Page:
To advance the fundamental understanding of combined percussion and rotary drilling leading to the development of more efficient and lower cost drilling and exploration of hard-rock reservoirs.
Terralog Technologies USA, Inc.
TerraTek (full-scale laboratory testing facility)
Arcadia, California 91006
Salt Lake City, Utah 84104
Percussion drilling with and without rotation has been shown to improve the rate of penetration in some hard formations. Other benefits of percussion drilling include the ability to use lower weight on bit, a longer bit life since the bit is not in constant contact with the rock, better hole deviation control and larger cuttings providing improved geologic interpretation. These potential and theoretical improvements have been difficult to achieve in field application. This project will conduct analytical characterization of percussion drilling mechanics and rock mechanics which will entail using state-of-the-art analytical techniques to analyze load and energy transfer during drilling operations, dynamic damage and fracture mechanisms in rocks due to compression and shear stress waves, cuttings displacement and transport mechanisms, and fluid flow around reciprocating and rotating bit assembly. This initial analytical effort will be followed by the development of a 3-D numerical drilling process model. The model will simulate particle mechanics, fluid flow, and cuttings transport. Laboratory testing under simulated downhole conditions will be conducted to validate the model. The drilling tests will measure borehole pressure, rotation, axial load, and weight on bit as well as the rate of penetration for varying rotation speeds, and hammer frequency and amplitude.
Work from this project will provide the industry advancement in the understanding of percussion type drilling. This advancement will be based on a computer model and associated algorithms that can better simulate the drilling process, whether it is percussion, rotary or a combination of both. This modeling encompasses the drill bit - rock interactions as well as the removal of the rock fragments and their subsequent transport by the drilling fluids. With a successful completion of this project, this model can be used by the industry in future research in bit and drilling fluid design. It is widely acknowledged that percussion type drilling can drill faster with less deviation of hole than other bits. Figuring out how to make this type of drilling possible and economic is the challenge that this project will help make possible.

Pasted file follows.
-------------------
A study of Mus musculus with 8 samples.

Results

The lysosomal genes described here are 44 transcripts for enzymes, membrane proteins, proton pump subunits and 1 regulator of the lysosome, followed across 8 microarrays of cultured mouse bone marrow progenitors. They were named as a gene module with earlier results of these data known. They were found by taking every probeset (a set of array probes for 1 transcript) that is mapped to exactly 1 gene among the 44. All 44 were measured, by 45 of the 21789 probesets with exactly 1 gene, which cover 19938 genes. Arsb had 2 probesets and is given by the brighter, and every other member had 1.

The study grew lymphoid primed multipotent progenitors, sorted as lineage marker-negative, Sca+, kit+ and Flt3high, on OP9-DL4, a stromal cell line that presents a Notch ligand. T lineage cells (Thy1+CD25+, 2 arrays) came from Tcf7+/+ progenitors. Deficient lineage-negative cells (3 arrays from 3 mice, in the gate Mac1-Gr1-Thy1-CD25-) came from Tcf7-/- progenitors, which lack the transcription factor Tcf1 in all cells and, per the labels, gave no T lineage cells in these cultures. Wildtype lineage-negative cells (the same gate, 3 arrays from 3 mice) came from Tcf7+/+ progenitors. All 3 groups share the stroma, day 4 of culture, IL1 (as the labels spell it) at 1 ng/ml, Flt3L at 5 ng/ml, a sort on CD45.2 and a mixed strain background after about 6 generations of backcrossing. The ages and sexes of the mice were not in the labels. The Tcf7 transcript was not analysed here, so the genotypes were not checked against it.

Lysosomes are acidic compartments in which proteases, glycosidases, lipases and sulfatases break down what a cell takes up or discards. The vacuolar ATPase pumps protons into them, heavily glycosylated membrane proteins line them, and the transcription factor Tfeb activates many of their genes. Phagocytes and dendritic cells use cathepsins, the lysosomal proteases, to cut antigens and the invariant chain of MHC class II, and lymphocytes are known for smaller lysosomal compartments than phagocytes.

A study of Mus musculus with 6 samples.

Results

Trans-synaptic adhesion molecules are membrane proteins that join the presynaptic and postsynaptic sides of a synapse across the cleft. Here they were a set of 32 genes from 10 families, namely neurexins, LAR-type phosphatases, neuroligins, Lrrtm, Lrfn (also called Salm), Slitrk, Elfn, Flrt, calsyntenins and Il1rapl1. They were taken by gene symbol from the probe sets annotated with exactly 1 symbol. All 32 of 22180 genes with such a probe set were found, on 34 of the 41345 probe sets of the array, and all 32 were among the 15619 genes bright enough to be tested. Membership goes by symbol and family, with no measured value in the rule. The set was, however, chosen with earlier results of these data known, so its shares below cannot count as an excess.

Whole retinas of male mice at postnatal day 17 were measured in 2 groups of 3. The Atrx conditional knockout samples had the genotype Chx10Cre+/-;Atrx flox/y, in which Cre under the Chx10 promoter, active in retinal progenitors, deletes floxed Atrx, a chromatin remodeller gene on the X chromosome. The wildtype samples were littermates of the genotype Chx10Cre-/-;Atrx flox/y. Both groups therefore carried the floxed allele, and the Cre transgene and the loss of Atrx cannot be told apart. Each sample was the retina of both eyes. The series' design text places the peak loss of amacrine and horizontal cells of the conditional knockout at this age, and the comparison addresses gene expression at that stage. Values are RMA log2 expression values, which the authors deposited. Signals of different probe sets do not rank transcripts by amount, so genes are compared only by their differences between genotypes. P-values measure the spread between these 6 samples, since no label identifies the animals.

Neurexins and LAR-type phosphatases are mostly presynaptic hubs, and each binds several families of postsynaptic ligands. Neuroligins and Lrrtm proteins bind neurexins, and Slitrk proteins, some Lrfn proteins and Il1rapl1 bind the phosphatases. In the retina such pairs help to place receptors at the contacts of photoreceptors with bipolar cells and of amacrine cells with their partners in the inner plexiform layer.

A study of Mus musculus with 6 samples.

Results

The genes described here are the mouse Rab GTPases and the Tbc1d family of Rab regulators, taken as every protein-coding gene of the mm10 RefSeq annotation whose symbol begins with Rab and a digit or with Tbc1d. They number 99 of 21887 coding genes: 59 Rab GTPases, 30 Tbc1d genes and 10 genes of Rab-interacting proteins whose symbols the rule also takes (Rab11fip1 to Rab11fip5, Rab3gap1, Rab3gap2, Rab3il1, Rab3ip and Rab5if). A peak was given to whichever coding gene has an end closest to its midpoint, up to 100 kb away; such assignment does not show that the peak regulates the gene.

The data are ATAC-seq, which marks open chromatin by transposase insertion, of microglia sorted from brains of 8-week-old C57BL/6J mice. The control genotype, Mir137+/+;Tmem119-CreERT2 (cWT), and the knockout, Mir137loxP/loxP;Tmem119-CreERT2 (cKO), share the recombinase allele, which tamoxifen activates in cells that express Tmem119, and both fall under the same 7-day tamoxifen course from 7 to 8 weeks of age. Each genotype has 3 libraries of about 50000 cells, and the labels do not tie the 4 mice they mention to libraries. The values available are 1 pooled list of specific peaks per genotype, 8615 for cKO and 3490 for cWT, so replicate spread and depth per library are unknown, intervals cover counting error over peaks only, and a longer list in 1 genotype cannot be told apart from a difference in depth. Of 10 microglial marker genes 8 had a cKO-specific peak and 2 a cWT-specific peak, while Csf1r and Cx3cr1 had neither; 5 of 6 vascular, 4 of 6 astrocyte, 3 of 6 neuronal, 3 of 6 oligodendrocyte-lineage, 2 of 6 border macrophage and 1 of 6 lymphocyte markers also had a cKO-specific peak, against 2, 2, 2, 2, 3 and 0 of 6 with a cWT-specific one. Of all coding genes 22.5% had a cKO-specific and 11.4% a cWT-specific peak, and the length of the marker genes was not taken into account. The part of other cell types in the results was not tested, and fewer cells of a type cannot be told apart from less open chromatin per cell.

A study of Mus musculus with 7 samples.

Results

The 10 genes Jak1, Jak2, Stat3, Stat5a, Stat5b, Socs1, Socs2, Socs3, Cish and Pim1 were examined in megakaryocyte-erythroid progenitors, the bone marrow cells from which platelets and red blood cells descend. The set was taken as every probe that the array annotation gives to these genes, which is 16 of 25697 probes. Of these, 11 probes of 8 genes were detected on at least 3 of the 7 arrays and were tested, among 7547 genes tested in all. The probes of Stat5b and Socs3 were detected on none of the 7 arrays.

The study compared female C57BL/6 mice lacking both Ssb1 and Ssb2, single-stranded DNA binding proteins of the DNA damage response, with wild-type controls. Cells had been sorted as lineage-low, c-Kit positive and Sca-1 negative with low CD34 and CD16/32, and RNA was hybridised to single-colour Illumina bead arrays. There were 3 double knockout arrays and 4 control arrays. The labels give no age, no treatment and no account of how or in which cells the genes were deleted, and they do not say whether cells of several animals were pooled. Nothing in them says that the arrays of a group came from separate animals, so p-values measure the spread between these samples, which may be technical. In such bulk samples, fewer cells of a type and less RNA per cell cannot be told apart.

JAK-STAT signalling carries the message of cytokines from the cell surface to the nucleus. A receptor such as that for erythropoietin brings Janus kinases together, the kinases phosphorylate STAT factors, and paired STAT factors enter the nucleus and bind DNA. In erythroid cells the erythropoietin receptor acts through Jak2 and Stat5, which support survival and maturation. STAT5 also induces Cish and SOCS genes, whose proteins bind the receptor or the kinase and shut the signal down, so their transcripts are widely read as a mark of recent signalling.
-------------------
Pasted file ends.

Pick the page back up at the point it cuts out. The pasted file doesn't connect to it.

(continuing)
The rock mechanics analysis and dynamic percussion tool models have been combined with the separate cuttings transport model to make a single model. Data from single cutter impact tests previously conducted by TerraTek were provided to Terralog to help in the initial calibration the model. Further lab testing was conducted at TerraTek. Single cutter impact tests and drilling test with a hammer bit are scheduled. The single cutter impact tests were run in groups of three to gather data on repeated impact at the same point. TerraTek was able to modify their equipment for these tests to modulate the pore pressure in the Berea Sandstone samples. Mancos shale was also used for these tests. These same samples wer used in the mud-hammer drilling tests. Smith International, who participated in an earlier DOE fund project to evaluate Mud Hammer drilling performance (NT40918), agreed to provide the use of their mud-hammer bit. These tests were used to further verify and calibrate the model.
This project is finished and the final report and software have been accepted.
Technology Assessment [PDF-458KB]
Geometric layout, dimensions and initial vertical stress distribution of the 3-D drilling simulation.
Modeling of cuttings transport. The three colors of the cuttings correspond to their origin beneath the bit.
Han, G., Bruno, M., and Khany, L., Percussion Drilling in Oil Industry: Review and Rock Failure Modeling, American Association of Drilling Engineers, AADE-05-NTCE-59. (paper prepared for AADE National Technical Conference and Exhibition, Houston, Texas, April 5-7, 2005)
Han, G., Bruno, M., and Dusseault, M.B., 2005, Dynamic Modeling Rock Failure with Percussive Drilling, ARMA/USRMS 05-819. (paper prepared for the 40th U.S. Symposium on Rock Mechanics (USRM) in Anchorage, Alaska, June 25-29, 2005)
Bruno, M., Han, G. and Honeger, C., Advanced Simulation Technology for Combined Percussion and Rotary Drilling and Cuttings Transport, GasTIPS, Winter 2005, p. 5-8.